Kyle’s Two Different Worlds

Jul 11
Linda Lane, Area Director
Dungarvin Indiana
Stock Image of a Dairy Farm

Kyle is a young man with a developmental disability and a hearing impairment, but growing up on a farm in relative isolation from his community turned out to be a bit more of a ‘disability’ than either formal diagnosis. Despite the fact that Kyle lives in a fairly developed urban county, he loves life on the farm. Nothing makes him happier than helping his dad feed cows, repair farm equipment or ride around on the ‘gator’ ATV. His family was very anxious to see him begin developing social relationships, especially as his graduation from high school approached. Kyle had been receiving services under Indiana’s Community Integration and Habilitation Medicaid waiver for several years, but staff members were always challenged by getting him interested in activities off the farm. Many staff members at the site were somewhat intimidated by the dairy herd, the mud, and the whole idea of life on the farm. In turn, Kyle was intimidated by social interaction in the community because of his communication challenges. For a long time these two different worlds faced each other but didn’t touch.

Then Kyle got a different kind of staff. She was young and not afraid of the huge dairy cows milling around the barnyard. She didn’t mind getting dirty and riding the ‘gator’ around the farm as Kyle ran errands or retrieved tools for his dad (of course we worried about her riding the ‘gator’, but Kyle’s mom assured us he was a very safe driver!). She showed interest in Kyle’s world and was more than willing to venture into it, mud and all, with him.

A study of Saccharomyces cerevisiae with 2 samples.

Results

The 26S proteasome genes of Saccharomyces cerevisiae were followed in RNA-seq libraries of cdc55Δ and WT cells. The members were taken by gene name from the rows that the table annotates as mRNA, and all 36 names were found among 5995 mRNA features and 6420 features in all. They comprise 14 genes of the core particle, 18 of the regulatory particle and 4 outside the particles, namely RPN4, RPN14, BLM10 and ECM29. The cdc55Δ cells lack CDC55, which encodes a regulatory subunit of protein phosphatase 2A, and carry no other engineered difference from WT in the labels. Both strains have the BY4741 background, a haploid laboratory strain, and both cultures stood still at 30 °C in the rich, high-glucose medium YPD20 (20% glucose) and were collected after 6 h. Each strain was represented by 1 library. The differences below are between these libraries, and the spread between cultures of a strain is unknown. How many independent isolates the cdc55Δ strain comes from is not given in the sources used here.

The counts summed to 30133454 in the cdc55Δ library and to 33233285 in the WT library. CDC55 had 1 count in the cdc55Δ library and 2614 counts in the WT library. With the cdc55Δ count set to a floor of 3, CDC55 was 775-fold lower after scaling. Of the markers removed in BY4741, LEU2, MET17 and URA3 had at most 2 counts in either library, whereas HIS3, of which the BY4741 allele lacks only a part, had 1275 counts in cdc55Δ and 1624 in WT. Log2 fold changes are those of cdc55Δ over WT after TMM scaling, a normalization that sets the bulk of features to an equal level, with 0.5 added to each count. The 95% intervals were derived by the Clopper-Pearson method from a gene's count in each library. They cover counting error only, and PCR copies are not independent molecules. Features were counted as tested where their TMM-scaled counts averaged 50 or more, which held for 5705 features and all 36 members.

As Kyle and his staff built their relationship on the farm, he began to trust his staff and became more willing to try social activities off the farm. They started with the ‘easy’ ones such as going to Tractor Supply to pick up a part. Kyle’s staff prepared him for interaction with the clerks, encouraging him not to feel self-conscious if he had to speak up and repeat himself if he was not understood the first time. When necessary, Kyle’s staff often coached the clerks, supporting their interaction with him as well. Just as Kyle’s staff learned that the farm wasn’t such a scary place, Kyle soon learned that the community isn’t so scary either. Despite his communication challenges, he can make his wants and needs known in strange environments. He began to feel comfortable in familiar settings in the community like TSC, and then began to branch out to other settings in the community. He participated in Special Olympics golf, went to birthday parties with peers he met, learned to order his favorite foods at restaurants and purchase a movie ticket for films he had selected. Finally, Kyle’s two different worlds — the farm and his community — began to become integrated.

Kyle may always be happiest ‘down on the farm’ with the cows and the ‘gator’, but he is now learning to navigate the wider world around him thanks to a staff that was willing to venture into his world first.


    Awesome! Great staff make differences in the lives of others.


  2. Delores newcome,

    Wonderful to hear you are doing so well. Keep up the good work.